Who We Are: A Chronicle of Racism in AmericaReviewed By Jay Seaver
Posted 05/12/21 12:05:07
(Worth A Look)
SCREENED VIA INDEPENDENT FILM FESTIVAL 2021: There's a segment early on in "Who We Are" when Jeffery Robinson tries to have a conversation with a man standing in front of a Confederate statue with a matching flag, and it goes about as well as it can: There's no profanity or violence, but also no visible movement. It's not exactly the film in miniature, but it does make one worry about how much two hours of even the most earnest, well- crafted talk on the subject can be.It's a talk Robinson has likely given a lot, and the film is built around a lecture on America's history of anti-Black racism given at New York City's Town Hall theater in 2018. That presentation is somewhere between skeleton and meat, as he visits notable sites from just down the street to Selma and Tulsa, both visiting his own history, talking to those keeping the memories of these incidents alive, and occasionally talking to survivors.
This is often grim material that sometimes actively seeks to overwhelm; no matter how much one has learned before now, there's probably some particular incident or document that Robinson mentions that a viewer may not have heard of. Robinson acknowledges that it's a lot, and that even he wasn't fully aware of the full extent of it until relatively recently. There are enough items he could list, even limiting the focus strictly to anti-Black racism as the film does, that it's impressive how well Robinson and directors Emily & Sarah Kunstler pick out pieces that do not always directly follow from the previous segment but form a sort of lattice, the laws and norms which enable intersecting in ever finer ways. The group can't talk about everything, but the parts they do show make one wonder just how anything gets through at times.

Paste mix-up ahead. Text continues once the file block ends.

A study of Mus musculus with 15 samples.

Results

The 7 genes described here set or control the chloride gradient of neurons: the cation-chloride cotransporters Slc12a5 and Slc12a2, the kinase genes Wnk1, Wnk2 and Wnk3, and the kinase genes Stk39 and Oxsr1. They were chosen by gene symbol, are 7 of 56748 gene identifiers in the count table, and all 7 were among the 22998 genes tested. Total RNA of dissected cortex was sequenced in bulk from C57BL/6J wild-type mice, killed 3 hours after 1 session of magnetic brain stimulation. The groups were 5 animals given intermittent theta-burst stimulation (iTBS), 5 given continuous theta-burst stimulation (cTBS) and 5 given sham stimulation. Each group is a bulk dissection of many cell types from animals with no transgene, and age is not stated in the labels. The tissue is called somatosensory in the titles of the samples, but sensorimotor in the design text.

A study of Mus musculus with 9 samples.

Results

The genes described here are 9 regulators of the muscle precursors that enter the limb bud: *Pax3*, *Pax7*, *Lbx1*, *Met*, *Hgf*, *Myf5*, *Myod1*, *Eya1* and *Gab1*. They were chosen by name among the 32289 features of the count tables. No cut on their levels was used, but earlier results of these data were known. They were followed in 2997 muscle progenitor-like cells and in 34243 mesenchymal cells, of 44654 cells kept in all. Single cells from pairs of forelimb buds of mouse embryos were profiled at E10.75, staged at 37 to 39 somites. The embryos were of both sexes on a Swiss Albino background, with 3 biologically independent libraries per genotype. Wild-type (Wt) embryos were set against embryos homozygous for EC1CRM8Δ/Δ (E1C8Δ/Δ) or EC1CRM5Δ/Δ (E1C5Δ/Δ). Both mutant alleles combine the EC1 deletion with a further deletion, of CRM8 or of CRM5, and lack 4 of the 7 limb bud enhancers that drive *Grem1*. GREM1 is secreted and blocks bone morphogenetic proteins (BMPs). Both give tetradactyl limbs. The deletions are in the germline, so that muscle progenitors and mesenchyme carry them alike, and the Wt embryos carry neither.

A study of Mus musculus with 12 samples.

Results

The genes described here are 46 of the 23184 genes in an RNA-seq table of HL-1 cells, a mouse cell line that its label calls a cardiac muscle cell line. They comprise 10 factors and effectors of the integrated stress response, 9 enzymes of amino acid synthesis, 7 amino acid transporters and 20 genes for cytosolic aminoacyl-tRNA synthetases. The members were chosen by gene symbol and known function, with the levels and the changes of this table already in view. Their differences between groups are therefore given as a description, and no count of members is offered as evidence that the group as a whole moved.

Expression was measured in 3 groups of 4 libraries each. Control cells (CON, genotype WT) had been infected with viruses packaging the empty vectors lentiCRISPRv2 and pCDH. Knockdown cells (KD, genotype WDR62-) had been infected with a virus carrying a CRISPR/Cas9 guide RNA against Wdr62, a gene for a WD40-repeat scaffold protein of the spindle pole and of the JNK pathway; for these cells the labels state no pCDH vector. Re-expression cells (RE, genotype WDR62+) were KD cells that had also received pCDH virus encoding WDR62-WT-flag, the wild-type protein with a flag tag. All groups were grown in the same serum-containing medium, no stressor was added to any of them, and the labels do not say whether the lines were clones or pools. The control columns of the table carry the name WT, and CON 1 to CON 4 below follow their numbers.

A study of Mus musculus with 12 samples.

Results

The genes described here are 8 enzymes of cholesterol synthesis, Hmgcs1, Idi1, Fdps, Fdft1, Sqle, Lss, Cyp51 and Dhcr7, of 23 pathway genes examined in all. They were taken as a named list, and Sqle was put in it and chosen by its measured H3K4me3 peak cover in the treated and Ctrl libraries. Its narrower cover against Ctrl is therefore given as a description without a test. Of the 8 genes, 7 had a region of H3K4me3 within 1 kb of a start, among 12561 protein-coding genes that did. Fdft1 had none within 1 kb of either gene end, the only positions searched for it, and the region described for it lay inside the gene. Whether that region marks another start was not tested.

That Robinson can be such a charismatic host when having to confront all this both in his own life and as the Deputy Legal Director at the National ACLU is, honestly, beyond my understanding, but I'm grateful for it. He shows a natural ability to connect with an audience that also works well in a one-on-one setting, which I imagine must help in his day job, whether gathering what one needs to build a case or present it. It is, I imagine, a tricky face to present - optimistic would feel dishonest, but the film would be unwatchable if he didn't see a way past the oft-referenced tipping point, even if he does often shift into justified anger.
The Kunstler sisters do a fair job of pulling material together (both direct and produce, while Emily also edits), although it's not necessarily the sort of dynamically-presented documentary that can pull in people who normally only watch narrative features. There's more than a few mid-interview cuts to Robinson nodding along that made one wonder what else they could do to mix a sequence up a little, and bits where Robinson will seemingly come to a place in order to be overcome by emotion, which doesn't feel less than genuine but which also doesn't have the impact of a truly spontaneous reaction. The important thing that they do is balance the field trips with the lecture well, giving a viewer time to let the emotional appeals sink in while Robinson approaches the intellect and vice versa.This is the point where you wonder if folks like that pro-Confederate protester near the beginning will ever even see it - or, if they do, not have it just completely bounce off them because that worldview becomes a fundamental part of their identity, but I suspect that's not really the hope of the film or the lecture in draws from. The point is to make those who might be persuaded more certain, angry enough to act rather than just disagree. How effective that will be is anybody's guess, but it's well-enough put together to have a shot.